Is competition working in the mobile phone market?
By S21, 13 Mar 2014
Imagine there were 5 gas pipes, 5 electricity cables and 5 telephone cables running to your house. Imagine that 5 different postmen arrived with letters for you each morning. Would this be a waste of resources and infrastructure, or would the competition transform the customer’s experience of these services?
When it comes to mobile phones, we really do have 5 different networks operating in the UK, so how does this improve mobile services for customers?
Competition & choice
Although competition is supposed to offer consumer choice, and choice is supposed to drive down prices, improve services and encourage innovation, if you read our user reviews of the mobile network operators in the UK, you might get the impression that these companies are all 1970s-style state monopolies or unregulated robber barons, trampling the little guy with their ruthless greed, indifference and incompetence.
But the picture is more complicated than it looks. Orange and T-Mobile merged some years ago and operate under a single umbrella company – EE. O2 and Vodafone now share network capacity, leaving only Three to go it alone with their network. You could say that despite all the different brands – including virtual operators such as Virgin Mobile, Giff Gaff, Tesco Mobile and Asda Mobile – there are really only three independent mobile networks in place.
These networks are highly regulated. The government controls and allocates the radio frequency bands used to carry voice and data. Ofcom oversees the network operators, telling them what they can and can’t do, including details of how they bill customers and what they can charge for different types of calls and data. Various other pieces of legislation determine how these companies are allowed to sell and advertise. The European Union lays down caps on charges for different types of calls. Even Apple dictates strict rules about which companies are allowed to sell its iPhones, at what price, in what manner, and how they can advertise and market Apple products.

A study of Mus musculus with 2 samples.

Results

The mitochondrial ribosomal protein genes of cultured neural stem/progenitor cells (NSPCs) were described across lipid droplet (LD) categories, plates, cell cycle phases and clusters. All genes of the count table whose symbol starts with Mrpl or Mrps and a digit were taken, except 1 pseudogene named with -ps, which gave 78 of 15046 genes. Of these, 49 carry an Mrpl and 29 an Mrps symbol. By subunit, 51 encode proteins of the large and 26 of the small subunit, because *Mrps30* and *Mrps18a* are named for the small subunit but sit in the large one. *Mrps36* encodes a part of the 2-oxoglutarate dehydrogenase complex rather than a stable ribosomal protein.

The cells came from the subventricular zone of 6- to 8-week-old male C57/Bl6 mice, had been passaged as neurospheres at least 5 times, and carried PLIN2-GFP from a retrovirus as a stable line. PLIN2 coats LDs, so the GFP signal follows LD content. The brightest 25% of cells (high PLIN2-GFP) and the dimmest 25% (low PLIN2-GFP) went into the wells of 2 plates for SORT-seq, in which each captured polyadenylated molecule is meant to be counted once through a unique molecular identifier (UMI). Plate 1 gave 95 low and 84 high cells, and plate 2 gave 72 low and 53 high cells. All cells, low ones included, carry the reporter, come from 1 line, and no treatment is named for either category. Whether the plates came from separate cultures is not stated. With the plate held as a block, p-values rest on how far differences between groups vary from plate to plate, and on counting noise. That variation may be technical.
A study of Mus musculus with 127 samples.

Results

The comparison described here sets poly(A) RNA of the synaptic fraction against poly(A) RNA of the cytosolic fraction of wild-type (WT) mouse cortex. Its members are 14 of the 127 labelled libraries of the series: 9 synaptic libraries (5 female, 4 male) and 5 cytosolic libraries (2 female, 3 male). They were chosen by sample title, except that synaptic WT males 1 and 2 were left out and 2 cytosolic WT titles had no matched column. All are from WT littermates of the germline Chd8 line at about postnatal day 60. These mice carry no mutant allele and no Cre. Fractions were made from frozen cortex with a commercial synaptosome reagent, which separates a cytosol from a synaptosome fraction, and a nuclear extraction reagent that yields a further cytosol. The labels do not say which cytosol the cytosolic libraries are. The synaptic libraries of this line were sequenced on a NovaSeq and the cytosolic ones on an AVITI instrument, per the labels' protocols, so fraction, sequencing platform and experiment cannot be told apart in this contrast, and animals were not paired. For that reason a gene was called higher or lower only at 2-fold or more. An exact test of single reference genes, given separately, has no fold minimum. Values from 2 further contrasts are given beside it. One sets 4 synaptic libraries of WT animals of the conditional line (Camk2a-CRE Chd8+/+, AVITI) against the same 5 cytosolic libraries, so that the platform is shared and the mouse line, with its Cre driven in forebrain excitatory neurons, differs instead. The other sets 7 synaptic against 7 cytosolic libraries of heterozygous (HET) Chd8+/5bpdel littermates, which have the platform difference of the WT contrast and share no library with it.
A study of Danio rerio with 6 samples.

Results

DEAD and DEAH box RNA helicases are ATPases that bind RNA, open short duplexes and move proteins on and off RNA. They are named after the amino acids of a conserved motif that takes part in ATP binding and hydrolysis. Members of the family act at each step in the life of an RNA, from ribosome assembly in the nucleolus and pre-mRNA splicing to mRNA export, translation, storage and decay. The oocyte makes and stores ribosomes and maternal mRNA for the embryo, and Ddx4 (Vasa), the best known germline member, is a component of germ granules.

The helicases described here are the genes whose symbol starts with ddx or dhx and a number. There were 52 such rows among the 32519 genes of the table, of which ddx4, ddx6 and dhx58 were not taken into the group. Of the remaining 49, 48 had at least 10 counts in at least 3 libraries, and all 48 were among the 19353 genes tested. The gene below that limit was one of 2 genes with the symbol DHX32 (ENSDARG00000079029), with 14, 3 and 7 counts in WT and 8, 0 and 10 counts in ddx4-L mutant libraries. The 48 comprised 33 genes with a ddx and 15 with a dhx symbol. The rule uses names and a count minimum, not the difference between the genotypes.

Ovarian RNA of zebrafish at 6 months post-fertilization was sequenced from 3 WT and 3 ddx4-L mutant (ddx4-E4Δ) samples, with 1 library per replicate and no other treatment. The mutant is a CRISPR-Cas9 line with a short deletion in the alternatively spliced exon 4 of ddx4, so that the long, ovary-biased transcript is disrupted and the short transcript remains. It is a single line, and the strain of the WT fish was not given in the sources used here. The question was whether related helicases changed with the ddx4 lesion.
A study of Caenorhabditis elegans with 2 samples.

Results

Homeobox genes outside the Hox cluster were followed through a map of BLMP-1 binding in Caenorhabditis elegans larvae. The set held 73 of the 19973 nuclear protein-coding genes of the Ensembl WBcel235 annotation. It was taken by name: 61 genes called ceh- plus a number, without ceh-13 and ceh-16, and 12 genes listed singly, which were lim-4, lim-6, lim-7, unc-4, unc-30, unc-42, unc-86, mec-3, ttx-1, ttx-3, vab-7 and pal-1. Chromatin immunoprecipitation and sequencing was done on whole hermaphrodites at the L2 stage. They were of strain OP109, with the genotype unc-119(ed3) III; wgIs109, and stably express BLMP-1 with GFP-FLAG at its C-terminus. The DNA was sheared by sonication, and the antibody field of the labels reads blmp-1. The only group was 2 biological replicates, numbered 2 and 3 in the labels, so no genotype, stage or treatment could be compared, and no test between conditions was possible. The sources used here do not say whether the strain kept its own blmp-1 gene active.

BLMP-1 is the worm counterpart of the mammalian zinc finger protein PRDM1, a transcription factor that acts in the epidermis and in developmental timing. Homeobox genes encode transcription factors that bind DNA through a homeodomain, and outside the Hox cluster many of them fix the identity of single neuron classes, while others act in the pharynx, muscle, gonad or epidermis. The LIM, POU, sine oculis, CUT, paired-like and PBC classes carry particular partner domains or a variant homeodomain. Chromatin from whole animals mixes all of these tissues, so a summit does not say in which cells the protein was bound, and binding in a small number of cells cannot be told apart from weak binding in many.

So is this really a free market or a massively over-regulated one? Is it working in favour of the consumer, or is it one of the worst examples of rip-off Britain?
on 13th Mar 2014
The job of regulatory authorities is to enable companies to operate fairly, not to tell them how to do their job.
The job of the EU is to ensure that the Single Market operates fairly and that consumers across Europe all receive the same standard of service. It is not for the EU to tell companies how much they should charge for their services.
If governments fix the price of a service, then the only option for the companies supplying that service is to cut their costs as much as possible. Government interference removes any incentive for companies to compete and offer innovative products. It also discourages new entrants to the market.